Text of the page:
Prayer is awesome.
It’s a matchlessly wondrous and supernaturally powerful means of growth and comfort to the Christian.
Through prayer we are able to commune and communicate with the God of all creation in a personal, intimate manner.
Since then we have a great high priest who has passed through the heavens, Jesus, the Son of God, let us hold fast our confession. For we do not have a high priest who is unable to sympathize with our weaknesses, but one who in every respect has been tempted as we are, yet without sin. Let us then with confidence draw near to the throne of grace, that we may receive mercy and find grace to help in time of need. ~ Hebrews 4:14-16 (emphasis added)
There is nothing quite like true prayer.
…and even so, we as fallen people find ways to pervert and abuse this incredible gift.
One such form or motive for abuse is our claiming the use of prayer to avoid that which has already been made plain to us in Scripture.
Let me say from the get-go that there is no doubt that each of us will remain blind to any number of biblical truths that seem obvious to so many others and, until by the grace of God our eyes, hearts and minds are opened, we will remain oblivious to these truths that seem so clear to so many others. This is how the walk of sanctification works, and I am not here targeting the “honest ignorance” or spiritual blindness of anyone on any particular issue at any given moment, so long as that ignorance is genuine and not feigned.
The point of distinctions here is between “honest ignorance” fueled by lack of knowledge or exposure to truth, and a feigned or fake ignorance that has one pretend that truth has not been made plain so that they may continue to avoid (and usually openly rebel against) the truth in question.
This approach is so commonly deployed by many professing Christians in our culture that is has become quite normal and expected. We’re all susceptible to this, so let’s not get prideful here…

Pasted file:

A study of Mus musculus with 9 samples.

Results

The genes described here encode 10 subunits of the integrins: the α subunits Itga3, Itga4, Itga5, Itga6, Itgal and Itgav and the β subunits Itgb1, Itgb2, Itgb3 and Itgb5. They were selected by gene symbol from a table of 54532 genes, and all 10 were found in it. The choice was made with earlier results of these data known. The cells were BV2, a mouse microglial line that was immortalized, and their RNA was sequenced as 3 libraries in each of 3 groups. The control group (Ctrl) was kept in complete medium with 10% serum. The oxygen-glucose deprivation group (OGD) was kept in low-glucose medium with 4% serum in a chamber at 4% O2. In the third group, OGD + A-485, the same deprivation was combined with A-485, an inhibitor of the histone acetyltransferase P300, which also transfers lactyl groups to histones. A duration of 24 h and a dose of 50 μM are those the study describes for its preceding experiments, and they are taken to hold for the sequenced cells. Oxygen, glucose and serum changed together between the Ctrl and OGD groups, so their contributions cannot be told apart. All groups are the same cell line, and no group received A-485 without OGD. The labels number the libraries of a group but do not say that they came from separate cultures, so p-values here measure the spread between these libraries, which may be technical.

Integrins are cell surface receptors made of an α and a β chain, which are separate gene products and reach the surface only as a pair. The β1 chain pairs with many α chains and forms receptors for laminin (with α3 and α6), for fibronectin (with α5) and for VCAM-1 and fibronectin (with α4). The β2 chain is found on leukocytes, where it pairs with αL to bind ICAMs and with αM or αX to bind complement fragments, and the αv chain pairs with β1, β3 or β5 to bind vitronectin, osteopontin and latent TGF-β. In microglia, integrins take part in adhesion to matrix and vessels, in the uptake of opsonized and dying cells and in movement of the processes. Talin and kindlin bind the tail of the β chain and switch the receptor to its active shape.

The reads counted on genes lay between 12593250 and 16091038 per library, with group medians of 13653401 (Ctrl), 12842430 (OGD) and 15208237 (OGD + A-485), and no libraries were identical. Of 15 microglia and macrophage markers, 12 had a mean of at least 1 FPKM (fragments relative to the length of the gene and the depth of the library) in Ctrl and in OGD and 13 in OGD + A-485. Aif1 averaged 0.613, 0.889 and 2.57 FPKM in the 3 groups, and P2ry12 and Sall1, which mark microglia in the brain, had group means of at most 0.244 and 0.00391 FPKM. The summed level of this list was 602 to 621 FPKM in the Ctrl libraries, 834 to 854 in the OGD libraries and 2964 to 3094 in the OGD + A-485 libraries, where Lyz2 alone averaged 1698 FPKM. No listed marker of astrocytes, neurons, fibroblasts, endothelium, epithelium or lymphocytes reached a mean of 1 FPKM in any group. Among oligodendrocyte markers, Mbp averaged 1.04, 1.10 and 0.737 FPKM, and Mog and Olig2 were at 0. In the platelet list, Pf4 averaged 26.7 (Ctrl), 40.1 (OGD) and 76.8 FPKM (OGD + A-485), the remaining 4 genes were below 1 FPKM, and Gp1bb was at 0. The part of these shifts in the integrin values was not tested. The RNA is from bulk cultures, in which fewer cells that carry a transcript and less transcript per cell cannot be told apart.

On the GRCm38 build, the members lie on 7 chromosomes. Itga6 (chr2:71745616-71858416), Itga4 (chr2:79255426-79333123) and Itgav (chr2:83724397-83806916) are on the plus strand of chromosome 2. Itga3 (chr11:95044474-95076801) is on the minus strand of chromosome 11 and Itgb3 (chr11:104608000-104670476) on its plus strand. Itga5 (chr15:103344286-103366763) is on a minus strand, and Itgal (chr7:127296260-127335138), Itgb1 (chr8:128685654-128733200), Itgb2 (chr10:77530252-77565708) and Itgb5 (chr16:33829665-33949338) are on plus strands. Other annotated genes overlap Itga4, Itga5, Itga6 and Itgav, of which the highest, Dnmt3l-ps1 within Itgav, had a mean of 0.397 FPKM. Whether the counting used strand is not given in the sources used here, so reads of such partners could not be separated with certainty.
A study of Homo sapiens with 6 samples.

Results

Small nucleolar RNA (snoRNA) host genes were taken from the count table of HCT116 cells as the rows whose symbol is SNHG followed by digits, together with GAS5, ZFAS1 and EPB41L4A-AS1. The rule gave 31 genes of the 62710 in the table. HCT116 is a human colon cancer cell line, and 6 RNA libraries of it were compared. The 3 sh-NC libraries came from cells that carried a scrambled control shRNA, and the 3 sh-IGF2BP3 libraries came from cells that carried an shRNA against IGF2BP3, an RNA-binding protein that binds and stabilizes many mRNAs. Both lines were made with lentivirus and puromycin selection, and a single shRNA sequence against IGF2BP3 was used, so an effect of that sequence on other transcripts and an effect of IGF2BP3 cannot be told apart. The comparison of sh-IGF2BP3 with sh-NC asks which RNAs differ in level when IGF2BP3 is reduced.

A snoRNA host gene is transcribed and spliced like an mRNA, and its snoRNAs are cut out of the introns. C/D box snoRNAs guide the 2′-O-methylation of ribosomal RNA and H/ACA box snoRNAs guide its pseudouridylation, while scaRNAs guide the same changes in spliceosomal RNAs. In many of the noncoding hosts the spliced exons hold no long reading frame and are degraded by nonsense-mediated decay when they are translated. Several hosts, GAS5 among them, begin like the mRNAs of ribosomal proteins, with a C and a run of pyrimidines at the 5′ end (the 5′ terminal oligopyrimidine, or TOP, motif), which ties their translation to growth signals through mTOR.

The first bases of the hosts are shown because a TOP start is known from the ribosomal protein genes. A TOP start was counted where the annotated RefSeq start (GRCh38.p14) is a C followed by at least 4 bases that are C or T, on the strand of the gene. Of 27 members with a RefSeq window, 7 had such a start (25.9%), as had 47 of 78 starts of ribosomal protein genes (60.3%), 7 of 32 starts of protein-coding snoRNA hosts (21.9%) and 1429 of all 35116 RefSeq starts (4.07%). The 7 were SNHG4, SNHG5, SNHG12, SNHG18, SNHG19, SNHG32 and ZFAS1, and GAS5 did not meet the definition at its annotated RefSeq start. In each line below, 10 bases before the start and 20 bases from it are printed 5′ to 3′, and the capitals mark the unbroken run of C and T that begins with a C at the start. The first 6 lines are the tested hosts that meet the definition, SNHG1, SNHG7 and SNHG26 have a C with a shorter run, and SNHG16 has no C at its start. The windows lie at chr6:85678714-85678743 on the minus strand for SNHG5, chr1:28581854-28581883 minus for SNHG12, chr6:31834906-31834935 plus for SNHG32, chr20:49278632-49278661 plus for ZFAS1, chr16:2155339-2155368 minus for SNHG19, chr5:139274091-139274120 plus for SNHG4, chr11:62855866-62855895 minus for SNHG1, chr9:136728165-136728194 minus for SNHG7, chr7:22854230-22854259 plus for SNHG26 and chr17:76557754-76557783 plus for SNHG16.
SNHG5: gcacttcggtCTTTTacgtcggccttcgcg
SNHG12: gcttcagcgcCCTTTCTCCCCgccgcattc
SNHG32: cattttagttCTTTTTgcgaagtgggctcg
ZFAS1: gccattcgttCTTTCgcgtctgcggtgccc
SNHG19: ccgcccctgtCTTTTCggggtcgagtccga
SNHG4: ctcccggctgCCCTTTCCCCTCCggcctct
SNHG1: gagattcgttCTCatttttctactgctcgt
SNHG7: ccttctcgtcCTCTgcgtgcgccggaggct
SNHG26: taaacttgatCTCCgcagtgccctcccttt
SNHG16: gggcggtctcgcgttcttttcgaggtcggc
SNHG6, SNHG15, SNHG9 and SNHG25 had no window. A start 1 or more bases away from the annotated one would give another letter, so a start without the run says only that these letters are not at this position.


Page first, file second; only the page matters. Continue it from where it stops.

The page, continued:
The general pattern goes something like this:
- A Christian who claims all of the things that they know they ought to claim – loved for Jesus, trust in the Bible, etc. – engages in conversation with someone on a subject that they generally find uncomfortable and have heard addressed in detail from Scripture before.
- Said Christian is confronted once again with the clear biblical teaching on this subject, including references to the most clear, relevant, and contextually sound passages on the subject.
- Said Christian tries to avoid the details of these passages, preferring instead to rely on vague passages out of context or general biblical concepts and principles.
- When properly pushed away from the vagaries and toward the clarity of Scripture on the uncomfortable subject in question, said Christian then plays the piety card by taking any number of spiritual-seeming, humble-seeming actions, including…saying that they “will pray about it”.
Let me be plain once again: We should always be about the business of praying about things, particularly when it comes to our gaining a right understanding of the Nature of God as revealed in His Word. That honest and necessary approach to prayer is not what I am respectfully critiquing here.
What I’m hoping to point out in a helpful manner is that insincere appeals to “praying for clarity” on a subject that we already know full well has been made plain to us in the Word is not wise or good. It is not evidence of spiritual maturity or depth. It is instead a particularly cowardly and deceitful approach to God, His Word, and the gift of prayer.
Whether on the subject of sexuality, gender roles, homosexuality, children’s education or any other subject addressed in Scripture, “praying harder” or more when we have already had His truth made plain isn’t going to give us legitimate cover for rejecting or dismissing His Word.
To the contrary, such an approach to His Word and prayer will only heap consequences upon us.
And those consequences are now piling up all around us in an American “Christian” sub-culture that has no appetite for uncomfortable truths and no zeal for the consistent pursuit and application of the Word of God.
All Scripture is breathed out by God and profitable for teaching, for reproof, for correction, and for training in righteousness, that the man of God may be complete, equipped for every good work. ~ Timothy 3:16-17 (emphasis added)
God has spoken not only perfectly but sufficiently to equip us to truly and profitably pursue every good work in life…including the beautiful and vital culture-shaping work of children’s education. (See: Redeeming Children’s Education: Confronting Our Satanic Approach to the Pursuit of Knowledge.)
There’s no amount of “prayer” that will ever change that.
So let’s pray, repent, and educate accordingly.